The Society for Vascular Surgery (SVS) Diversity, Equity and Inclusion (DEI) Task Force’s findings and recommendations are taking shape, with some already implemented.
After more than a year of study and information-gathering, the task force presented its findings and recommendations to the SVS Executive Board in late summer.
After enthusiastically embracing the task force’s conclusions, the board has completed an implementation plan to assure that all the recommendations are accomplished. The issues identified by the task force are “significant and compelling … and demand our attention at this moment in time,” the board said. “Your Executive Board commits to the changes necessary to implement its more than 40 recommendations, objectives and requested actions. The in-depth response is the board’s action plan for change. Recommendations and plans are divided into several domains: such as governance and leadership; research; representation and engagement; programs, publications and communications; and recruitment and outreach.”
One of the task force’s top priorities was creation of a new standing committee, the DEI Committee, reporting directly to leadership. That has been accomplished. One of that committee’s first duties and a focus for 2021 will be to create an SVS diversity position statement. It also will work to establish collaborative relationships with SVS councils and committees.
The task force also recommended, and the board implemented, the just-completed Physician Member Census, with the report repeatedly citing the lack of comprehensive membership demographics as a “significant impediment to change.”
Kim Hodgson, MD, the 2019–20 SVS president, established the DEI Task Force in September 2019, charging it with envisioning a more diverse and inclusive SVS and vascular surgery workforce, and to make recommendations to strengthen the Society’s alignment to its core value on diversity, equity and inclusion.
Bernadette Aulivola, MD, and Matthew Smeds, MD, had proposed a group be formed to analyze potential gender bias and harassment in vascular surgery; this was based on the doctors’ then-recent research findings of high prevalence of gender bias and sexual harassment of vascular surgery faculty at academic vascular surgery programs.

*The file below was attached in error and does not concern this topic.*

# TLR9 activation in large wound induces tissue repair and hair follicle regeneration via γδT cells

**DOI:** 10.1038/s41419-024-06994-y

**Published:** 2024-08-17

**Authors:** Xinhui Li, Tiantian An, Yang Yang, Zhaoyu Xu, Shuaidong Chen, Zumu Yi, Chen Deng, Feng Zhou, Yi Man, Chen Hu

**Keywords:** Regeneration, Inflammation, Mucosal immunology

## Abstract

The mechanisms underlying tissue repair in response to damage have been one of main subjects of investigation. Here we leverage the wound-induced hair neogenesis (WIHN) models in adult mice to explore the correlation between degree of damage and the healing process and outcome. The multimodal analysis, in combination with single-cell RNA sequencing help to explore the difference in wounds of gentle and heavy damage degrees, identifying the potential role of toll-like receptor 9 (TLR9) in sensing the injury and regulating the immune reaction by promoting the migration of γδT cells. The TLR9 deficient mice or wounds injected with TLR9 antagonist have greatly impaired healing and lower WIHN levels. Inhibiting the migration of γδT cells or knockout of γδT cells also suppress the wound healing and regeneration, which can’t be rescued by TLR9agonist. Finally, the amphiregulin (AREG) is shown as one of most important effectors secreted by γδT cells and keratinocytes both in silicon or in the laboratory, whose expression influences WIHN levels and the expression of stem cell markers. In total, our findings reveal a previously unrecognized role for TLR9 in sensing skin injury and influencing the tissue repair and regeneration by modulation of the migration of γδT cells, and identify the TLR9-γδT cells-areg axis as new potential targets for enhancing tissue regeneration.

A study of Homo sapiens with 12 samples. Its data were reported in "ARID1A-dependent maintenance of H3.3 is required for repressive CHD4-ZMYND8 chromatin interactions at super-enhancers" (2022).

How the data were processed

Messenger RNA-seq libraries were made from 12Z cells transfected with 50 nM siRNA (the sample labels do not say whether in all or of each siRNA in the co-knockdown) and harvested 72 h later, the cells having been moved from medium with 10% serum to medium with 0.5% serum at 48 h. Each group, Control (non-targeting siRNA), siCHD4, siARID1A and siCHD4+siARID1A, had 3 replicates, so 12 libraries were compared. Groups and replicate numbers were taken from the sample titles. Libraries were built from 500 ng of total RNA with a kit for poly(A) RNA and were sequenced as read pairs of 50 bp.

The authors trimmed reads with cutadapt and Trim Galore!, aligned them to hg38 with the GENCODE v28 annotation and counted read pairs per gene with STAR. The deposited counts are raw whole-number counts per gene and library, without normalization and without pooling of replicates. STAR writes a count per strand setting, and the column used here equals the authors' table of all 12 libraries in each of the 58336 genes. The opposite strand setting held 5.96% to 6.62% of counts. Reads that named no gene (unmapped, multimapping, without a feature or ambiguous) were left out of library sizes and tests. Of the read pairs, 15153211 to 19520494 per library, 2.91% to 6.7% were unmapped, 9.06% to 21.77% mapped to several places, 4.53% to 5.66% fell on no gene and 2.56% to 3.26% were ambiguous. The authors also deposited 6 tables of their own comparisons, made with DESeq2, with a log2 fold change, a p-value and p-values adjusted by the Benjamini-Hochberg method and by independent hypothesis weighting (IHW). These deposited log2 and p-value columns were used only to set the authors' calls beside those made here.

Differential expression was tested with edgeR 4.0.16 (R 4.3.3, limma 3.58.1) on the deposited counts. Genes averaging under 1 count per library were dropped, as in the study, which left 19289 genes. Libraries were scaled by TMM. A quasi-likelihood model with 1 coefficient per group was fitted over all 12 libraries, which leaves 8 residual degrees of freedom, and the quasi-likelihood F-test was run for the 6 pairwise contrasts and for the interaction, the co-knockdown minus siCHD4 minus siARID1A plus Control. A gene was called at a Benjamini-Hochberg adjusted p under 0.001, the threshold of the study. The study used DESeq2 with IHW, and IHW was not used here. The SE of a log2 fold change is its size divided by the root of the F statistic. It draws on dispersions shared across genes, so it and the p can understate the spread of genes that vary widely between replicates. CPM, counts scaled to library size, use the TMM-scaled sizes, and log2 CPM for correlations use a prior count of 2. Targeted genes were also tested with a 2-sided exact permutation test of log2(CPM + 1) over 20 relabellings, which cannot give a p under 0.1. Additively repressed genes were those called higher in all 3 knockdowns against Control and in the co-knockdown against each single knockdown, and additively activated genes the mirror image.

That report can be found at vsweb.org/TBD. Interestingly, the task force presented its report shortly after a firestorm occurred over the publication—and later retraction— in the Journal of Vascular Surgery of a peer-reviewed paper on “Prevalence of unprofessional social media content among young vascular surgeons.” The article prompted worldwide comment and much derision, particularly on social media. At the same time, pointed out SVS president Ronald L. Dalman, MD, the situation “represents an opportunity for the Society—and all of its members—to embrace the moment and fully commit to working together to solidify positive change for the future.”
In announcing its implementation plan, the board also looked to the future. “This is our moment to maximize opportunity for all, both within the SVS and in the larger communities we serve, … extending throughout all facets of our organization,” the Executive Board said.
The August 2020 issue of Vascular Specialist was dedicated to exploring diversity, equity and inclusion. Read the edition—including an article on the survey referenced above—at vsweb.org/SpecialistAugust2020. The full task force report, as well as the board’s response, will be published in an upcoming issue of the Journal of Vascular Surgery. They are now available online at vsweb.org/DEIreport and vsweb.org/DEIresponse.